Writing localizable code
For technical details please also look at XUL_Tutorial:Localization.
A few notes about localizers for developers who rarely deal with them:
- localizers like tools, and they don't like editors,
- localization tools are often based on key-value pairs,
- at least some localizers have their talents focused on language skills and are not savvy in programming, or even building applications.
Thus, there are a few guidelines you should follow to make localization of your code easier:
- Choose good key names
- The names chosen for your keys (regardless of whether that's a DTD or a properties file) should be descriptive. Think of them as long variable names. If you change the semantics of a localized string, change the key. This will more likely be a good key name, and it will help tools to pick up that the change you do is different from just a spell fix.
- Try not to assume grammar in composite strings
- Splitting sentences into several keys often inadvertently presumes a grammar, a sentence structure, and such composite strings are often very difficult to translate. When a composite string is needed, try to give the translators "room to move". An example of a well used composite string is Firefox's setting for visited pages: the translator can (implicitly) position the text field as he sees fit.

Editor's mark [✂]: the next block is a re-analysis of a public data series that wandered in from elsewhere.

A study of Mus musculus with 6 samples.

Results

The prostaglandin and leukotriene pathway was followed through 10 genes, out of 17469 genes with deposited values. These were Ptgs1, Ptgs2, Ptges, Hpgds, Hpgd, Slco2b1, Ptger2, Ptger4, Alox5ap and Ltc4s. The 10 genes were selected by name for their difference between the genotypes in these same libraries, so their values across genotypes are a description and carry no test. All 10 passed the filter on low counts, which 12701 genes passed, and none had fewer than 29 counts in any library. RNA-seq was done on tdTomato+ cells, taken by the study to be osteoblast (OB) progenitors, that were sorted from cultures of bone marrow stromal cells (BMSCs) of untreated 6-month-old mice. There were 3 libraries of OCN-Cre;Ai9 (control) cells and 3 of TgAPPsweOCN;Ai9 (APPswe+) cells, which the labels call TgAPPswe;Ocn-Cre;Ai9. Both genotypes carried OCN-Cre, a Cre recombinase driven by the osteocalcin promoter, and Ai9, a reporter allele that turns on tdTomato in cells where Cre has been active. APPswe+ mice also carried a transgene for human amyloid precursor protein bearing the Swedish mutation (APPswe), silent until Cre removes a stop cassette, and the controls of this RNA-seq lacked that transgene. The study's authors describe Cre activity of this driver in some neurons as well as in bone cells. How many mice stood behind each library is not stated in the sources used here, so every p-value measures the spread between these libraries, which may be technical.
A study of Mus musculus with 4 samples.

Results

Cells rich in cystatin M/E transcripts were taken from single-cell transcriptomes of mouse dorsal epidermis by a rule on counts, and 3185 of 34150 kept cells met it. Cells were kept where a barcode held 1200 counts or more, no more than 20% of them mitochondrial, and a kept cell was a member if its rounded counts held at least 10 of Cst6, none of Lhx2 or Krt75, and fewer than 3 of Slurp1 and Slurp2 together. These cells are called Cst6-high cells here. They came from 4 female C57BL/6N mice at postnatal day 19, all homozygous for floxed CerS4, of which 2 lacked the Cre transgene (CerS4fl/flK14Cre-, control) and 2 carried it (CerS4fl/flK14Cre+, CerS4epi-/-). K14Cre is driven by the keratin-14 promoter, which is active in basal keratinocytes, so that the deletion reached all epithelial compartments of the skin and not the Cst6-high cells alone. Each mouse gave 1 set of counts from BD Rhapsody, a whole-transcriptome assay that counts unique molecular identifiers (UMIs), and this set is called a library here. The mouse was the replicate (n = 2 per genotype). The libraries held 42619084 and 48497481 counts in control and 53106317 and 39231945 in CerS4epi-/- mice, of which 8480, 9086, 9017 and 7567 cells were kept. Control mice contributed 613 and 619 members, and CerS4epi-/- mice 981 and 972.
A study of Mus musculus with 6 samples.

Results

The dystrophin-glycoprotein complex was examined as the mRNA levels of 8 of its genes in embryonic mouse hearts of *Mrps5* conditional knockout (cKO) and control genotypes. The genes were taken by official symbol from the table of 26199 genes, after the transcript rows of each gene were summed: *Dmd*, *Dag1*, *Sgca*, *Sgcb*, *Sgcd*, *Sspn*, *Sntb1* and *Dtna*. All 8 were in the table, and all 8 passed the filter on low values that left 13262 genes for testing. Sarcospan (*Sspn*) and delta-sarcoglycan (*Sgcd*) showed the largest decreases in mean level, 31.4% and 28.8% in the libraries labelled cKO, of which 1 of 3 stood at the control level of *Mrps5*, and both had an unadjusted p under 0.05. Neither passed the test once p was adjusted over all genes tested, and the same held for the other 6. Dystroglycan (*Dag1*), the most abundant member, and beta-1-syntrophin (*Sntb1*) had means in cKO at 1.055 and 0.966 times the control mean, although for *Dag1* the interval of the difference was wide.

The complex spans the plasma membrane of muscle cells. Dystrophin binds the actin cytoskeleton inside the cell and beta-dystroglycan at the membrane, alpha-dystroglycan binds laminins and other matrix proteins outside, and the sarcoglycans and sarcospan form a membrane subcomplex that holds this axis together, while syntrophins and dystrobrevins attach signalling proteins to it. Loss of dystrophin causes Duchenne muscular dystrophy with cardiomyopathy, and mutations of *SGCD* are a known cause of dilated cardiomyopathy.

- Don't use preprocessor macros
- The use of
#if #else #endifor
#expandis strongly discouraged. There are few exceptions to this rule, but in general, the localized file should comply with standards and should not require build tools to be transformed. If you want to add build processing to localized files, be sure to request feedback from l10n@. In most cases, you can just as well put the processing into the content code and reference different key-value pairs in
- Use a good source directory structure
- Be sure to put the localizable files in the right place. The addition of new top-level directories is a compromise between module ownership in the
cvsrootrepository and the ease of localization.
- Use a good chrome directory structure
- For a particular module
mod, a target path
jar:ab-CD.jar!/locale/ab-CD/mod/foo.dtdhas been widely tested and is a good place for your files referenced as
chrome://mod/locale/foo.dtd. Using a directory structure like this eases the localization process without the source code and is especcially recommended to extension authors. JAR Manifests can make this easy.
On frozen trees, there is the rule to not check in l10n-impact changes. So what does that mean? l10n-impact is
- any change to
mozilla/@mod@/locales; Localizers find out if they have to catch up on changes by doing bonsai queries, just as everybody else does. No change means that this query result is empty.
- any changed or new use of existing localized strings; Anything that triggers a QA cycle on our 40+ localizations is l10n-impact.